Officials at the Washington State Liquor and Cannabis Board (WLCB) have responded to requests from numerous cannabis businesses to make a change in the way information about the businesses is shared with the public.
After several cannabis businesses were recently burglarized, the WLCB has agreed to remove a map on its website showing where cannabis businesses are located, along with their addresses.
Even with this move, questions remain if there truly exists a direct link between the map being posted and the rash of burglaries, as well as a question of just how many cannabis businesses have been the victim of theft.
Last September, I wrote a piece about a sizable number of cannabis businesses in Washington that were being ripped off. That piece sourced an investigational article by Eric Scigliano, and as I wrote:
…Scigliano spoke with six commercial cannabis growers who were willing to go on the record about their combined nearly one dozen thefts. That’s just a small percentage of growers who are believed to have lost their market-ready, finished cannabis to thieves. Scigliano found that “thefts and robberies at licensed cannabis businesses in Seattle has so far turned up 54 (criminal case files) from 2016 to 2018.” Yikes. But it gets worse, as a Seattle police detective admitted that, in 2017, “Seattle Police had more than 65 reported burglaries to marijuana shops.” Mind you, these numbers don’t include grow-site ripoffs, just licensed retailers. Double yikes.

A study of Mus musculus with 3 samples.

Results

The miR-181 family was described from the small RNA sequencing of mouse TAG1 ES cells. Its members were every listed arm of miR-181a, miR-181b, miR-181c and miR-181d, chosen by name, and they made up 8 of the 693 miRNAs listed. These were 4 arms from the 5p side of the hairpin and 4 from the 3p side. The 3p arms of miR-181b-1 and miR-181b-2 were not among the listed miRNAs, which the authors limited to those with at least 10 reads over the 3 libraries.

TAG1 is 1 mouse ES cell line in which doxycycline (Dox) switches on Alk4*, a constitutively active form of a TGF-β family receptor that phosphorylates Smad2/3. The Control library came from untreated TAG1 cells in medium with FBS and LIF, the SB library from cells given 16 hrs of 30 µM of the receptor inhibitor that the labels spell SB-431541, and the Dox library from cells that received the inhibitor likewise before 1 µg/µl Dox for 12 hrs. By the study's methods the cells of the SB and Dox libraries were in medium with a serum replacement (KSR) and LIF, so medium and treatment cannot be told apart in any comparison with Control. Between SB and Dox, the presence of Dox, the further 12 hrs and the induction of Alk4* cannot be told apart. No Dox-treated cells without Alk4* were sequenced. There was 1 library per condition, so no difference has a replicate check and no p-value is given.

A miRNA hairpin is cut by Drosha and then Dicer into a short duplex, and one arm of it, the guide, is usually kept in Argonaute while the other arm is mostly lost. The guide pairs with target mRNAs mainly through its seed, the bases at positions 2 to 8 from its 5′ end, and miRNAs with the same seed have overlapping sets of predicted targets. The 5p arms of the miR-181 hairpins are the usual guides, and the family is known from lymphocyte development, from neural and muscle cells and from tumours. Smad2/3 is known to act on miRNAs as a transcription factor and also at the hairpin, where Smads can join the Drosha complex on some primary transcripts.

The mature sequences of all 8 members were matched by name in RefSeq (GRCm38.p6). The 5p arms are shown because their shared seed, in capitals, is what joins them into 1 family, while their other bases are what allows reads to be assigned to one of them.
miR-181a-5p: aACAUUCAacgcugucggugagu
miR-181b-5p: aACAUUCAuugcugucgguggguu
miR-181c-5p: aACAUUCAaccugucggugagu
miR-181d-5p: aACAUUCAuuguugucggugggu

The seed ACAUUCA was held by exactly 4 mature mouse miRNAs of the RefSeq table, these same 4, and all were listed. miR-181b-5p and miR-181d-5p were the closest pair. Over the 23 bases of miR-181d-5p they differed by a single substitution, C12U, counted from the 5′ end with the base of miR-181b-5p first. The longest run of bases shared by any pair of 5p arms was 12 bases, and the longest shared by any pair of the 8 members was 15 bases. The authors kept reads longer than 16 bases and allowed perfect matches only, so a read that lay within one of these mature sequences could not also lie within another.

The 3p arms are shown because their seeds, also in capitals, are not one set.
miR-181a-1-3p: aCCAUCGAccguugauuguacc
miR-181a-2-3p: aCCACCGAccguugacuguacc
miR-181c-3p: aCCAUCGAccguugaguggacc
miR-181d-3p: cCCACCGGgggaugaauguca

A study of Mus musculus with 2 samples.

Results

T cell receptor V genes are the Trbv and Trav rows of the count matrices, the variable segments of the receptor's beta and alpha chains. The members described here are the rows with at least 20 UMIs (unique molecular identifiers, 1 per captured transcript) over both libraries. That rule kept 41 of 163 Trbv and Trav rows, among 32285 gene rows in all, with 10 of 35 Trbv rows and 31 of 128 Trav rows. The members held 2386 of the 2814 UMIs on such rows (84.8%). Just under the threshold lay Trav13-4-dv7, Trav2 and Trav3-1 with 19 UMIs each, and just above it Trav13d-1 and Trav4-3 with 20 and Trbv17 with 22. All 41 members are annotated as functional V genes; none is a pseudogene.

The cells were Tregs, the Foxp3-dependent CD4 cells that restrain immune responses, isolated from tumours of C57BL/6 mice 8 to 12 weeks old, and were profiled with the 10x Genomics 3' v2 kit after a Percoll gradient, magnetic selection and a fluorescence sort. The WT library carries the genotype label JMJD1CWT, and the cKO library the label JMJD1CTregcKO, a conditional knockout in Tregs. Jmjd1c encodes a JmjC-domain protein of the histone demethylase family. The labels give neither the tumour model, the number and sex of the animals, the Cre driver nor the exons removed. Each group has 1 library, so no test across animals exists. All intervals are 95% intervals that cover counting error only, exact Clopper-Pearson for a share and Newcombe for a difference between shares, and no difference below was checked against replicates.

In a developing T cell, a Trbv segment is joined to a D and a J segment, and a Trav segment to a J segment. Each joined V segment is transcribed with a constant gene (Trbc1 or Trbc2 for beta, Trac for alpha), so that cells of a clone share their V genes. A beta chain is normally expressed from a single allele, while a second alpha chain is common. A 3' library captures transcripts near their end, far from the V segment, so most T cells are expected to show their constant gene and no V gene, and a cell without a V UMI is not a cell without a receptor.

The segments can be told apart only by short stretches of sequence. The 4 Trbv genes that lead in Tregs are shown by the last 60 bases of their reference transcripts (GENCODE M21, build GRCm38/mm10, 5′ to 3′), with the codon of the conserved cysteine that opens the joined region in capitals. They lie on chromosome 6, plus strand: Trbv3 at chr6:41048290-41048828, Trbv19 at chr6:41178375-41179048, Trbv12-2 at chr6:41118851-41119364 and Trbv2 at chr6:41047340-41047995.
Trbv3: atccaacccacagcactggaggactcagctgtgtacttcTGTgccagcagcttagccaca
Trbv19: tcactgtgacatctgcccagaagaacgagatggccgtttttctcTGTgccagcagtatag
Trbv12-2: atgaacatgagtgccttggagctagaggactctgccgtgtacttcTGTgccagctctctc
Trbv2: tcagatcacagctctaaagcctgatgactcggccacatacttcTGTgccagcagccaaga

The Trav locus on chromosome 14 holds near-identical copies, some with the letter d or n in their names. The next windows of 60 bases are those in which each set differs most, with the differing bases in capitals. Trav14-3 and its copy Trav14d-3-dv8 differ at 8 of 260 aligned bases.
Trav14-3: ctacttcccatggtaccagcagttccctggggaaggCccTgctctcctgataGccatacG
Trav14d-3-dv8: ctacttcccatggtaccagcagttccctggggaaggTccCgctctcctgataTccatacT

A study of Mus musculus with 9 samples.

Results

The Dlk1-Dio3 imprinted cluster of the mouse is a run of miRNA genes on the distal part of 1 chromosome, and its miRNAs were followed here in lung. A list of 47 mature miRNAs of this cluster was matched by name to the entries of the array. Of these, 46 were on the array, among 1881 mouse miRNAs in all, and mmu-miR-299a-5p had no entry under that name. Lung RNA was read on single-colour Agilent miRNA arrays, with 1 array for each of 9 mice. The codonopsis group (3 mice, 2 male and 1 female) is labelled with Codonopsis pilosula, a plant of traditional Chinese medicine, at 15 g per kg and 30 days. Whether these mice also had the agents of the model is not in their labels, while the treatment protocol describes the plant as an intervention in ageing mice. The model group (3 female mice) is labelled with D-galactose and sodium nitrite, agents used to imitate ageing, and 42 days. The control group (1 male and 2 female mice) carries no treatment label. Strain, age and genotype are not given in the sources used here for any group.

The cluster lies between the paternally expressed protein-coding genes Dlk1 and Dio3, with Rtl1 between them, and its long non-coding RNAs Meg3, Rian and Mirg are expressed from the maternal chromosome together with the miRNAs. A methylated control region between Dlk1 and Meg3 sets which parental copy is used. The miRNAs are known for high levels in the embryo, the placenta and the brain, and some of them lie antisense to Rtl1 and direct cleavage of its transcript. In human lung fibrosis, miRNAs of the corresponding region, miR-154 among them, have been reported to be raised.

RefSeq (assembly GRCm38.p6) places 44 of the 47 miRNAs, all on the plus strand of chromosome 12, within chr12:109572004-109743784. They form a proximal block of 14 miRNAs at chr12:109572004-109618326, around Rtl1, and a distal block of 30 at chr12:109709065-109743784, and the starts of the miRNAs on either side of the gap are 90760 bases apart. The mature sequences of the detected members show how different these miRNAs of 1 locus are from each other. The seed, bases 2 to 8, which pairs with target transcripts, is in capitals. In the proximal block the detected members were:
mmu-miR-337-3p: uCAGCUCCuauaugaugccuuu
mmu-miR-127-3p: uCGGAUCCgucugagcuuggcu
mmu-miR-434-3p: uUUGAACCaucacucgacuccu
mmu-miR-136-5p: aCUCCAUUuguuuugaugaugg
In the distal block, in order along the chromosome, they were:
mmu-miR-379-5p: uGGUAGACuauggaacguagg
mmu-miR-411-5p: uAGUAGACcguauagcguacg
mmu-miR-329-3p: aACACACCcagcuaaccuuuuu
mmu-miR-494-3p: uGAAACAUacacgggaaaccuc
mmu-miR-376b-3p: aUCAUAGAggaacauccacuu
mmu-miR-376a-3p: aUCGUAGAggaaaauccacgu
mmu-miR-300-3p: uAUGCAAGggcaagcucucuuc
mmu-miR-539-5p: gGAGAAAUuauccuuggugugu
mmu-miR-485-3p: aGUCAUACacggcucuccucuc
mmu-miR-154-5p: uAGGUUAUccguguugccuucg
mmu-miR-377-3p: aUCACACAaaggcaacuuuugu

Others don’t believe that the removal of the map is going to have an impact on these thefts.
Because of the high levels of transparency which Washington State requires from cannabis businesses, the same information available on the recently removed map is still available via a public records request, and the WLCB is required under state law to fulfill such requests.
Granted, having a single webpage with all the information is faster and cheaper for those interested. Oregon growers I spoke with said they wouldn’t be comfortable with a format that included their grow site addresses.
Jade Stefano, founder of Puffin Farms (a processing facility which was a victim of the November thefts), told MJ Business Daily that she would like to see the WLCB take further steps, and what she proposes makes sense.
“Among other requests, Stefano would like the state to allocate funds and task an LCB employee with tracking all reported crimes, such as robberies, against licensed cannabis facilities.
She would like to see the LCB communicate with law enforcement agencies around the state to attempt to quantify the extent of the problem and solve the crimes to protect licensed marijuana business owners.
“It’s not just a matter of livelihood,” Stefano said. “We actually feel like we could be the victim of a violent crime.”